Posted on Aug 25th, 2016
Written by TopRank Marketing

    The meaning of the expression “less is more” is one that many content marketers are still struggling with. In an effort to capture the attention of busy and distracted consumers, they’re creating more content than ever.

    But more isn’t always better.

    Uberflip’s amazingly talented and entertaining VP of Marketing, Hana Abaza opened up day two of the Uberflip Experience conference to have a frank conversation about content marketing supply and demand.

    Marketers Are Focusing on the Wrong Things

    Content Impact

    Here’s the harsh (and somewhat funny) reality for marketers:

    • 90% of marketers think they’re productive, but they also work on weekends. (Workfront & Harris Poll)
    • 60% of marketers have delayed going to the bathroom to meet a deadline.

    These statistics have marketers wondering “How did we find ourselves in this position?”. The answer: We aren’t focusing on impact; we’re focusing on getting things done.

    The 2016 Benchmark Report from MarketingProfs and Content Marketing Institute found that 76% of B2B marketers will produce more content this year. But many are still unable to measure the impact.

    Hana suggests that maybe creating more content isn’t the best way to make the biggest impact.

    How to Define Content Impact

    Argument for Better Content

    Three questions that all content marketers should ask themselves include:

    • Is my content in front of the right people?
    • Is it driving quantifiable results?
    • Is it the right content to begin with?

    We are currently living in a very complex content environment. In fact, Hana’s research found that there are over 600,000 articles about mind-blowing marketing blog posts and almost 500,000 ultimate guides.

    In order to be successful, we need to expand the scope of what we think of as content and take into account the content that is being sent to individuals on a one-to-one basis.

    Flipping the Perception of Content Creation

    Content Creation and Engagement

    In addition to marketers creating heaps of content, consumers are creating more content than ever before. And that consumer created content is what is diverting your audience’s attention away from you.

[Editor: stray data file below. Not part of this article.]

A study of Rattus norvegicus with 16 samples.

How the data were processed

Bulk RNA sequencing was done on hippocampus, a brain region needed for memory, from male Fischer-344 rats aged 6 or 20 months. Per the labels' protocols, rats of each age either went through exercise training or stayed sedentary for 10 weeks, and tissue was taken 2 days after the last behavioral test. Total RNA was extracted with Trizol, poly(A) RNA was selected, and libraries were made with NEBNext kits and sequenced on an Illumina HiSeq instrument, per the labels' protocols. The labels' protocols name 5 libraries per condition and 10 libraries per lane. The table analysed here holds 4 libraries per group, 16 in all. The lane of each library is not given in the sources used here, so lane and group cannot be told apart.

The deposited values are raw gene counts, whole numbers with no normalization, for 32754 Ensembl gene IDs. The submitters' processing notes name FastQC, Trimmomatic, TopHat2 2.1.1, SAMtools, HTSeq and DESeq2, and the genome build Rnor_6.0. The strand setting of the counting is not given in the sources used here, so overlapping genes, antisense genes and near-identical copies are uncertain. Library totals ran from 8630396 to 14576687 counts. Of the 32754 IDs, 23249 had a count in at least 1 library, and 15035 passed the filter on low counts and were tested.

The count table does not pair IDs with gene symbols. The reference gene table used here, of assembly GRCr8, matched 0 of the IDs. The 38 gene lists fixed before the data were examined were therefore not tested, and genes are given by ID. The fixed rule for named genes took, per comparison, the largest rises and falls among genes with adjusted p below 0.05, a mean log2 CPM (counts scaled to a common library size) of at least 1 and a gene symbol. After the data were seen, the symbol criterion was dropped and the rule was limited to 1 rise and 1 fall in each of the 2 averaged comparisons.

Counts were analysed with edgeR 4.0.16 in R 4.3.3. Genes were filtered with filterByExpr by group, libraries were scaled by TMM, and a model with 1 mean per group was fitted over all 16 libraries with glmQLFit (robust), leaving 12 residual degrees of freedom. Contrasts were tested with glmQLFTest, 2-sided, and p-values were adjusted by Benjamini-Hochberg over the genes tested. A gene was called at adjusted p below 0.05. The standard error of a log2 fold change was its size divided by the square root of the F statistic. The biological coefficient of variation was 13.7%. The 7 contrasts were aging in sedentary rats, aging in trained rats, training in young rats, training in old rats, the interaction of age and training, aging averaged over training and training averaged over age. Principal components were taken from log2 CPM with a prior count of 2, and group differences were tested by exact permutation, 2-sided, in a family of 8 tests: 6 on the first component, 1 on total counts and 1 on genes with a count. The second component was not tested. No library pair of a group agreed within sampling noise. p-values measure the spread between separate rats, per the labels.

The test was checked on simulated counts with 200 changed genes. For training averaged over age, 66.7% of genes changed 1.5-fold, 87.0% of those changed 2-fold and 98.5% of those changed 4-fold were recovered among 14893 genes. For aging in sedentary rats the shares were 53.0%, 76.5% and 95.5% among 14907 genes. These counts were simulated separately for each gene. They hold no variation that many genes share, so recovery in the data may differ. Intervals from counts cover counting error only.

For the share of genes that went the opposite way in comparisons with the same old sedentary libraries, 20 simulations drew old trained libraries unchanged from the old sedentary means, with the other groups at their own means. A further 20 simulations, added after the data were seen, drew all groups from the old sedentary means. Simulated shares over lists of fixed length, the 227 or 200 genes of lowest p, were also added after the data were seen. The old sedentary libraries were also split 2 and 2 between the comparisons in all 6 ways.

In fact, within the last year alone, Tumblr, Pinterest and Instagram have all experienced significant increases in their user base. Consumers are also consuming a crazy amount of video on these and other social platforms.

    Because of this, people are engaging less and less with content that is not relevant for them, because they can.

    3 Helpful Tips for More Strategic Content Marketing

    Content Planning

    #1 – Relevance

    When we’re looking at content it’s not about quantity, it’s about quality. And it’s not just about quality; it’s also about relevance. Good content is no longer good enough. The content has to be relevant to the person, at the right time, on the right channel. Hana described the following three ways to validate content relevance:

    People: The people that you should look at and reach out to include your internal teams, customers, prospects and followers/fans. You can reach them in a variety of ways including surveys or even quick and simple conversations.

    Tools: To aid in your content planning, it’s important to use the right set of tools. Tools like BuzzSumo can help you understand what type of content is blowing up and resonating well with your target audience. Other tools like Answer the Public can help take the guesswork out of your content topics by providing insight into the types of questions that people are asking about a particular topic.

    #2 – Distribution

    Unfortunately, many marketers are focused purely on engagement metrics instead of incorporating important growth metrics as well. When marketers begin tailoring the content experience that will change the strategy for distribution. Here’s how:

    Distribution Strategy Example:

    • Our Subscribers
    • Targeted Social (paid & unpaid)
    • Influencers (Advocate Hub)
    • Partners (Co-Marketing)
    • Discoverability (SEO)
    • Content Syndication (lead gen)
    • Other Publishers (lead gen)
    • (Very) Targeted Email

    #3 – Experience

    Here’s Hana’s dirty little secret. Great content isn’t enough. You need an experience that is optimized for your goals. The example she used was the difference between enjoying a nice frosty pina colada in a dingy basement, or out on a beautiful beach. Which one do you think creates a better experience?

    In order to create a great experience, your content needs to be:

    Readable: Content should have short paragraphs, great images and be easy to consume on a mobile device.

    Actionable: Without setting up an engagement path for your readers, how will you lead them to consume more content or take action?

    Tailored: There are a variety of different ways that you can organize content to meet audience needs. A few options for how you might segment it include:

    • By Role
    • By Industry
    • By Audience Segment
    • By Campaign
    • For a Specific Prospect

    Before You Write One More Word…

    Prioritizing content creation when it seems like there is always so much to create can be stressful. But before you write one more word, Hana suggests answering yourself the following questions: Do you really need another blog post? How can you leverage what you have?

    You can find Hana’s full presentation on SlideShare or by viewing the embed below:

    How do you define the impact of your content marketing? Are you reaching your goals or missing the mark?